Office assistant turned MBA rose to become national leader in petroleum industry

Virginia B. "Gigi" Lazenby
Founder and CEO, Bretagne, LLC

Vanderbilt MBA 1973

Virginia “Gigi” Banks Lazenby graduated from Vanderbilt with a degree in European history and fine arts—and few job prospects. When family friend Henry Hooker, BA’54, said that he would hire her as his assistant if she learned to type and take dictation, she was more than willing to oblige.

The job would turn out to be a window to some of the most exciting entrepreneurial ventures Nashville has ever seen. In the late ’60s Hooker helped launch the ill-fated Minnie Pearl Fried Chicken restaurant chain. He also helped found Hospital Corporation of America, which is today the largest private provider of health care facilities in the world.

As Gigi witnessed these ventures take shape, her interest in business grew. At Hooker’s encouragement she decided to enroll in the MBA program at Vanderbilt. “What I really learned at Owen was the ability to work with people and deal with them,” she says. “There’s a lot more to running a business than crunching numbers.”

After graduation she joined up again with Hooker, who was then in the oil business. In this industry Gigi found her calling. She struck out on her own in 1988 to form Bretagne LLC, an oil and gas exploration and production company in Eastern Kentucky.

Her workers operate “stripper wells,” which produce less than 15 barrels a day by injecting nitrogen into the wells, letting it soak with the oil and then “puff” it back out. It’s slow going, but as much as 18 percent of the oil in the United States is produced in such a fashion, she says, adding that she sometimes begins presentations by jokingly referring to herself as “queen of the strippers.”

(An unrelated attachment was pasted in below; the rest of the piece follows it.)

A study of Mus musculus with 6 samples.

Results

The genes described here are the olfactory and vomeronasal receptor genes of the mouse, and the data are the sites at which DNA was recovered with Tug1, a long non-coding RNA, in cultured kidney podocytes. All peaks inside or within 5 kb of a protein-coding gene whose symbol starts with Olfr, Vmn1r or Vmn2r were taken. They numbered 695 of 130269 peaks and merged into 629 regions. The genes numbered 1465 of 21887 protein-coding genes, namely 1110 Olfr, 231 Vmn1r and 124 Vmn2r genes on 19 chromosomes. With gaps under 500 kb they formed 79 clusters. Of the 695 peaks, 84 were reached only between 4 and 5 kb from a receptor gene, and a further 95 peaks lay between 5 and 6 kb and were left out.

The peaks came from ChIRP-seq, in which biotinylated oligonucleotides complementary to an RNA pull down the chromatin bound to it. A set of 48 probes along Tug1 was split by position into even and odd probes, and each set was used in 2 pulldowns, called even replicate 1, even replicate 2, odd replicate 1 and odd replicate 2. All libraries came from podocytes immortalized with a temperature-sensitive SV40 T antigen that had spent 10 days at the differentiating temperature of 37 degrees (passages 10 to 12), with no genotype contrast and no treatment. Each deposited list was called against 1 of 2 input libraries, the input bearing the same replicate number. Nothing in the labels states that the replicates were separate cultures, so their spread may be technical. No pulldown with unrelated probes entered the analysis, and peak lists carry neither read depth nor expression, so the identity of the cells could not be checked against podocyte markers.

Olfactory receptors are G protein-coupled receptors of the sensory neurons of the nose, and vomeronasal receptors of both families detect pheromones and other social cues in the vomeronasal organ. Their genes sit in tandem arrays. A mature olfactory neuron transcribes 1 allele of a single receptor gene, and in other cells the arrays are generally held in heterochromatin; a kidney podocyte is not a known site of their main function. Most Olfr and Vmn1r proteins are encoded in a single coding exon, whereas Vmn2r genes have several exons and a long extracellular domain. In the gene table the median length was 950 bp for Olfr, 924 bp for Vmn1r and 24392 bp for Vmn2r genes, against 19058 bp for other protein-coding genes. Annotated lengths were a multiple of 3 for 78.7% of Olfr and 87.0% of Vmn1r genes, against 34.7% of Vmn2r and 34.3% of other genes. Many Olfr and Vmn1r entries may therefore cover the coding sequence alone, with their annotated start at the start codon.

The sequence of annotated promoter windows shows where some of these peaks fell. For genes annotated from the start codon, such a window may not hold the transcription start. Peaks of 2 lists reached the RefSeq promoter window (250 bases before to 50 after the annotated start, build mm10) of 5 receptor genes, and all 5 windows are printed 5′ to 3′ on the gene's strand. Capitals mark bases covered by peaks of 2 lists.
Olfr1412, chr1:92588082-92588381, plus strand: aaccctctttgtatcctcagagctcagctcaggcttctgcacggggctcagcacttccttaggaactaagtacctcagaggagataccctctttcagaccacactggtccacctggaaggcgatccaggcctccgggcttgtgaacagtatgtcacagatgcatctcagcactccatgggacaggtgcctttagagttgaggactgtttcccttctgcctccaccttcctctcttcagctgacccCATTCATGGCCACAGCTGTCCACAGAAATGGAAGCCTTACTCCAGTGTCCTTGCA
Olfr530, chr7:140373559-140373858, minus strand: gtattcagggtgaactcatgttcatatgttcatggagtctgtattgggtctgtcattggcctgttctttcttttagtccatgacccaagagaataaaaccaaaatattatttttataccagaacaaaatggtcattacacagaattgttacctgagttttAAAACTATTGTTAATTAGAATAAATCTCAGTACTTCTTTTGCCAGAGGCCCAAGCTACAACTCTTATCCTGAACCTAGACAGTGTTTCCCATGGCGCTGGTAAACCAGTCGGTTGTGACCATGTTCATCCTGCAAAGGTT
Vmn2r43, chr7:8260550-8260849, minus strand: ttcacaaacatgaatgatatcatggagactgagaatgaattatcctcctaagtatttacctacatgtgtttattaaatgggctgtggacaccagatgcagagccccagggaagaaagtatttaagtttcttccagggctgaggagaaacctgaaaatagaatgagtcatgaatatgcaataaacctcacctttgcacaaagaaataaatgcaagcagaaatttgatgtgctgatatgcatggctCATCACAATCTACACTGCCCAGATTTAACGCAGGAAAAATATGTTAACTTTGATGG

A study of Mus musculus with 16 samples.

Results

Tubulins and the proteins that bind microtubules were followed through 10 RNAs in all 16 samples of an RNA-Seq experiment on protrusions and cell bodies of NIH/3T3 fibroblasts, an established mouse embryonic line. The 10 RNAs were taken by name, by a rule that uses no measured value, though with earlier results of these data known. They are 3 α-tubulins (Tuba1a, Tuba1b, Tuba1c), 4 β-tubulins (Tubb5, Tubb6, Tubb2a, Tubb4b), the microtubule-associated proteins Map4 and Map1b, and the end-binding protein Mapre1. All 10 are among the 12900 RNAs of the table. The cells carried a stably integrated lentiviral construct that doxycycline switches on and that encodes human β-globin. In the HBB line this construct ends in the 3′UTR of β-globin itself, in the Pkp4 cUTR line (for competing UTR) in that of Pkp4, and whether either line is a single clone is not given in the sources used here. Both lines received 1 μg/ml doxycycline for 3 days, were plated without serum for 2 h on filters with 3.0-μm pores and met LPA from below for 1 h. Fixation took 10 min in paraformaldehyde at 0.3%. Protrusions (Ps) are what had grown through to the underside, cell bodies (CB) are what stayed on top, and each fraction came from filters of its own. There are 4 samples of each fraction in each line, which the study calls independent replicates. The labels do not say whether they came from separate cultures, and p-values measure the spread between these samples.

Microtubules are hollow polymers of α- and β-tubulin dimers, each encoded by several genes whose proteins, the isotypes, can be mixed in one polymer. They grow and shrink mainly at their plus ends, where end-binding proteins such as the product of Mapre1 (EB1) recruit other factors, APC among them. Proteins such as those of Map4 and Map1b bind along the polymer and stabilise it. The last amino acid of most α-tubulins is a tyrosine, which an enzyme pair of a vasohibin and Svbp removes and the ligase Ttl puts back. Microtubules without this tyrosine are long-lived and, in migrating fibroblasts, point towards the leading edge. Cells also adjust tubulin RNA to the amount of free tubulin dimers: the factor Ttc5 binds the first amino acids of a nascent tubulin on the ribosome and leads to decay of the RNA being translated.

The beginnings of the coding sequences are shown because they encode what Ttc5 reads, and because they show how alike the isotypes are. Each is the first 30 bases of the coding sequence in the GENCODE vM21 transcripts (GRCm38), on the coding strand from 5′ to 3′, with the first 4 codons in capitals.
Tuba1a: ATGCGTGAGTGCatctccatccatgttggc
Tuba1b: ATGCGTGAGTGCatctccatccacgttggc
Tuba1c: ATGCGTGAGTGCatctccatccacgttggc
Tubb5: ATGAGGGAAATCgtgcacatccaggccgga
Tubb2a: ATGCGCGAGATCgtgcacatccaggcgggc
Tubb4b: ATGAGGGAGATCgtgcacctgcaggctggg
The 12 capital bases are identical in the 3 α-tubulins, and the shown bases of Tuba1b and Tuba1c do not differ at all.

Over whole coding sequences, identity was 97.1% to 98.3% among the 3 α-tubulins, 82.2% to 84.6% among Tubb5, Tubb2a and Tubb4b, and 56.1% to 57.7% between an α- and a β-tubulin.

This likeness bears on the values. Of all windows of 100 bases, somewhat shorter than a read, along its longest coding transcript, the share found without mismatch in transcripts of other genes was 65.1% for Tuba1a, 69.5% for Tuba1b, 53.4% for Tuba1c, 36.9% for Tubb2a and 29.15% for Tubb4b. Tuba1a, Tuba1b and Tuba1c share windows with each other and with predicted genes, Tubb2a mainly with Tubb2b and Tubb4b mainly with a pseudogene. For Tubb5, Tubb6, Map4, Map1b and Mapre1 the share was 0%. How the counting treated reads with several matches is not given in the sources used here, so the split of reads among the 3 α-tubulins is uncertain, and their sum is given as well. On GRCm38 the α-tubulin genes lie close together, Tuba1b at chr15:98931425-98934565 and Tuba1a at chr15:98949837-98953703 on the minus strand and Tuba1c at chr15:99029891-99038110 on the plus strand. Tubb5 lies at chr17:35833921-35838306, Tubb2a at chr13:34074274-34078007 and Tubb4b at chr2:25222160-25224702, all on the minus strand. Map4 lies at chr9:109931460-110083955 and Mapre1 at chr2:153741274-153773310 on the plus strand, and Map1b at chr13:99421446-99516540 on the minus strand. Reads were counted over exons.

She also has served on the board of directors of the Independent Petroleum Association of America and on the National Petroleum Council. In meetings of the former—which promotes understanding about industry concerns, including taxation, accessibility and regulation—Gigi often is the only woman in the room.

As CEO Gigi has successfully navigated the ups and downs of the oil and gas business. In her office is a photo that reminds her of why she perseveres through times when oil prices sag and equipment breaks. In that photo, 40 oil field workers—blue-collar guys in overalls living off the sweat of their brow—look happily into the camera at lunchtime. “Without Bretagne, they wouldn’t have a job,” she says. “This is why I keep going.”

Visitors to Gigi’s office may also notice another photograph, of a smiling young man standing beside a gas pump at a Spur Gas station in Henderson, Kentucky. The photo was taken in 1931, and the man is Gigi’s father, who eventually worked his way to become president of that same company, Spur Distributing.

His persistence and dedication are characteristics that Gigi has taken to heart in her own career She may have come a long way since those days of few job prospects, but she has not forgotten the lessons she learned. For today’s students who find themselves in a similar position, she offers this advice: “Don’t worry so much about where your job is or how much you’ll be paid. Just find a job and do it well. Appreciate all the people you work with, and go from there.”

You never know, after all, when you might hit paydirt.

“Don’t worry so much about where your job is or how much you’ll be paid. Just find a job and do it well.”